Build Your Own Arc

By The Unfortunate Incident

It is easy to presume that these hyped Sheffield scenesters are just going to be Fall Out Boy/My Chemical Romance wannabes; trying to fall into that radio-friendly rock-pop-punk genre so popular with fifteen year old girls who have come to realise that Avril Lavigne is balls. However, The Unfortunate Incident (despite the questionable name which conjures up images of teenage boys getting over excited at a pool party,) have a much more pleasant surprise in store than the usual Americana-imitation dirge.

'Exact Recollection' is brilliantly placed as the opening track, with a weighty, power-piano-chord and System of a Down-esque rolling drumbeat introduction. Russ Palmer's vocals are gutsy and heartfelt and he seems to be able to throw everything he has into a song without sounding strained or struggling; where others might sound weak or desperate, hollering out these heavy, everything-but-the-kitchen-sink choruses, Palmer manages to excel.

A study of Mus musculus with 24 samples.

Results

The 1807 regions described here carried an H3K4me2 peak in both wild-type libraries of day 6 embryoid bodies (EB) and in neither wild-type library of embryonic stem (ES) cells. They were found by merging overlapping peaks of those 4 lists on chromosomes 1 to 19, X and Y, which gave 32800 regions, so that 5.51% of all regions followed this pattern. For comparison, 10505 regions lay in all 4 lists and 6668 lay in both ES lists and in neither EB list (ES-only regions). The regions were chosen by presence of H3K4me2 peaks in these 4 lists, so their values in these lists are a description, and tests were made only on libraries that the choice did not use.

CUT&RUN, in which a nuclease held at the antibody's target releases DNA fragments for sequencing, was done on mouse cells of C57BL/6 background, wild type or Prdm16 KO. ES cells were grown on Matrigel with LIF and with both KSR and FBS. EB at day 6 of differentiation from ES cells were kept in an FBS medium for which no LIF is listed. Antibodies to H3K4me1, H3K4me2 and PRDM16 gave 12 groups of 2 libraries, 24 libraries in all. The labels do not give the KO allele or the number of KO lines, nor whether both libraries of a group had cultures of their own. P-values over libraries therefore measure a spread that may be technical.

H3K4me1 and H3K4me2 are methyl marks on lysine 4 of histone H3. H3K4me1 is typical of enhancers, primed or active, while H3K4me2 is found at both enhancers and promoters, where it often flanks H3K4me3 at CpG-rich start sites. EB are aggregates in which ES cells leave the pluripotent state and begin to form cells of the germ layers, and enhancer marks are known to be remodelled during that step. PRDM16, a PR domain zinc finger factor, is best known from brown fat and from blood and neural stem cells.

What makes The Unfortunate Incident stand out from the crowd is their tendency towards quirkiness. 'Build Your Own Arc' is such an aptly named record because this band are determined to escape 'run of the mill' and are instead trying to craft something worthy of rousing intrigue. The familiar building blocks constitute the raw materials, but they have been placed together in an exciting new order. So on this album, expect to hear big epic key-shifting choruses followed by the kind of bopping bassline and folky notes that we're used to hearing from The Coral or The Zutons. For example, Palmer's macabre, deep and dark pouring over 'Every Breath You Take (Is Killing Me)' is unexpectedly, but yet excitingly paired with a trumpet accompaniment.

The Unfortunate Incident are trying to mix oil and water at times on this record, and more often than not they manage to force the two together to produce meaty rock songs with touches of light, delicate sensitivity. A small number of tracks fail to be quite so dynamic and there is a tendency to resort to a formulaic softly-softly verse followed by a thrashy-thrashy chorus, which does leave songs like 'My God, Your God, His God, Her God' and 'One Small Step' being much more filler than killer.

But there is certainly promising raw song-writing talent evident within this band, which manage to cross and merge genres which many new bands are all too easily harboured within - but not these guys, The Unfortunate Incident have certainly built their own arc.